So… with Christmas over.. and our house sprinkled with new toys and empty boxes it is definitely time to think frugal crafts – how can we upcycle our cardboard boxes? What can we make from all the big cardboard boxes in our house? One thing I have wanted to make for ages for Red Ted is a Knight’s Shield and Sword made from old cardboard boxes. And now is my chance.
We made this for fun… but of course by customizing the design and details of the knight shield, you could incorporate this into a lesson plan about medieval knights and the crusades. We used the coat of arms of a popular children’s show in the UK, but again, you can have all sorts of details to add your shield, be it some cool lightning or other relevant emblems. Do some research about medieval tournaments in medieval times and see what the warriors would wear and what decor they would use on their armour. A fun way to explore the middle ages!
Or combine it with some story time about princesses and dragons. Add some magical features to give your shield “greater protection” when fighting magical creatures!
Moveover Legos.. time to get crafty and make a super fun craft project! Great crafts a super fun to play with.
Knight’s Shield Craft – supplies needed:
As with all our craft ideas, we like to keep supplies basic and as simple as needed. Crafting should fun and inexpensive!
- One large box – you want one side of the box to be big enough for the knight’s shield
- Acrylic paint
- PVA glue or a hot glue gun
- Papier mache (1 cup flour, 2 cups water, stir and microwave until thick) and newspaper (OPTIONAL!!!) – you can read more about our papier mache paste here.
How to make a Knight’s Shield Craft for kids of all ages:
This is definitely a fun project to work on together. For a little boy or girl, you may have to make it FOR him .. for older kids it is a great together project!
We did wing it a little.. as this was a spur of the moment craft! But hopefully the following is helpful to you too and you will have as much fun with this as we did! Let’s have a blast and get crafty!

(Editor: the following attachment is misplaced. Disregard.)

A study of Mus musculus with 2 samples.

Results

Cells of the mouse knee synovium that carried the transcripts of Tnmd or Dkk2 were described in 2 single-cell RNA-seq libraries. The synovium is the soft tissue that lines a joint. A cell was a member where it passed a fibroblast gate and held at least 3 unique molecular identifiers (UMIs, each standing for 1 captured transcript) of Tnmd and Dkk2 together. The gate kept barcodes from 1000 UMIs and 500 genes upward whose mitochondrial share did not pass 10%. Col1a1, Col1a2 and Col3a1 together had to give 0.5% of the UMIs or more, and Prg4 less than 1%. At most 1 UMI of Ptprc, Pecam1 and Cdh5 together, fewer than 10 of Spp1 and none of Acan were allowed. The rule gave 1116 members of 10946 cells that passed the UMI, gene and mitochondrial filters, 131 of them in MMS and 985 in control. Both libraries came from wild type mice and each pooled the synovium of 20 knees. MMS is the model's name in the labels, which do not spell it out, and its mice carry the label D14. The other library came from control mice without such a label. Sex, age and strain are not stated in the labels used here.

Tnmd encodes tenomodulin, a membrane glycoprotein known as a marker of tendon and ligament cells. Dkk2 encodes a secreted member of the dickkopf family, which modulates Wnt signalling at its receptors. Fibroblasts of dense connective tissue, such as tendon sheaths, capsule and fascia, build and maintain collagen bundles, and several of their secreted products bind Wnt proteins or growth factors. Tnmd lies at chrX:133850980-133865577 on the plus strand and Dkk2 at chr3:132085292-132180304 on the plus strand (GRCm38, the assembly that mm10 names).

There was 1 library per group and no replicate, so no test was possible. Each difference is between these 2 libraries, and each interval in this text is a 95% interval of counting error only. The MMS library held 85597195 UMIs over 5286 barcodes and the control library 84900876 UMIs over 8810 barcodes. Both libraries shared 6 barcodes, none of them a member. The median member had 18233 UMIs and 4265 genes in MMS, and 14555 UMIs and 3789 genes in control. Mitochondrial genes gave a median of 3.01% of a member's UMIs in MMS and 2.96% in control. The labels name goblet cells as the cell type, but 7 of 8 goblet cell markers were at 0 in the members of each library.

1) Draw a shield into the largest side panel of your cardboard. On our shield, the lines of our cardboard ran ACROSS the shield. From left to right. I was hoping that this would give the shield more stability. Cardboard has a habit of bending at these lines.
If you decide NOT to papier mache your shield, I recommend that you have TWO pieces of card per shield – one with lines going from top to bottom and one with the lines going from left to right. This means that you are limited by the dimension of your box a little more, than if you only need the card going in one direction. If you do not use two pieces of card glued together, your shield will start bending after very little play and be annoying. So. Either use the 2 pieces with opposing lines, glued together or papier mache (as from step 3).
2) I then cut out two handles for the back of the shield. I was trying to be clever and made one “handle” bigger – for the arm to go through and the second handle smaller for the hand to hold onto. Well it worked fine.. except, I made it for Red Ted’s right arm…. when he is right handed and should really be holding the sword in that hand. Doh. Your call.
The handles are made from long rectangular strips of card, folded and glued down. I used a hot glue gun as it is quicker, but PVA should work fine too.
3) Papier mache your shield. We papier mached the inside first – so that I could secure the handles. I made sure the centre of the shield had at leas 3-4 layers, so that it was nice and stuff and less likely to bend during play.
4) Curvature of your shield. I confess, by sheer luck and fluke, our shield started bending, thanks to the wet strips of newspaper…… but it was bending the wrong way. Argh. So, whilst it was drying, I first weight the shield down a little to flatten it and then I gently curved it the right way – i.e. so the handles curved in a little.
5) Once dry I papier mached the front of the shield (to give it a smoother surface). I had little papier mache paste left and was too lazy to make more, so only applied one layer or so of news paper and also to the edges, so I had a smooth surface to paint later. Again, I gently curved the shield whilst it was drying into the direction I wanted it to take! Surprisingly, the finished shield came out with a perfect curved shape!
6) Once fully dry, I painted the front of the shield: Gold, Blue and Red – in the end we decided to go for a Mike the Knight shield (a popular UK Children’s TV programe), though I was also very tempted by a St George’s cross. To make sure I painted it all evenly, I used a ruler to marked out the lines for the gold and the 4 “rectangles”.
7) Once painted and fully dry, I downloaded this Mike The Knight shield template. Fiddled with it in Power point (i.e. made it bigger) and printed it off in yellow and white. The cut it out neatly and glued it on with decoupage glue and adding a layer of decoupage glue to seal it. Note – you have to apply the paper gradually, to stop it wrinkling or bubbling. Don’t rush this!
Done. We are SO pleased with the result.
Making a Cardboard Sword
Whilst waiting for the shield to dry, I also made a quick sword. With the sword it is even MORE important to add two layers of cardboard with the lines running both across and up and down. As it will bend. Again. You can papier mache the sword or you can use masking tape to give it a nice neat edge after gluing the parts together. Then paint!
Happy Knight Play!!
Do check out the rest of our Crafts for Boys!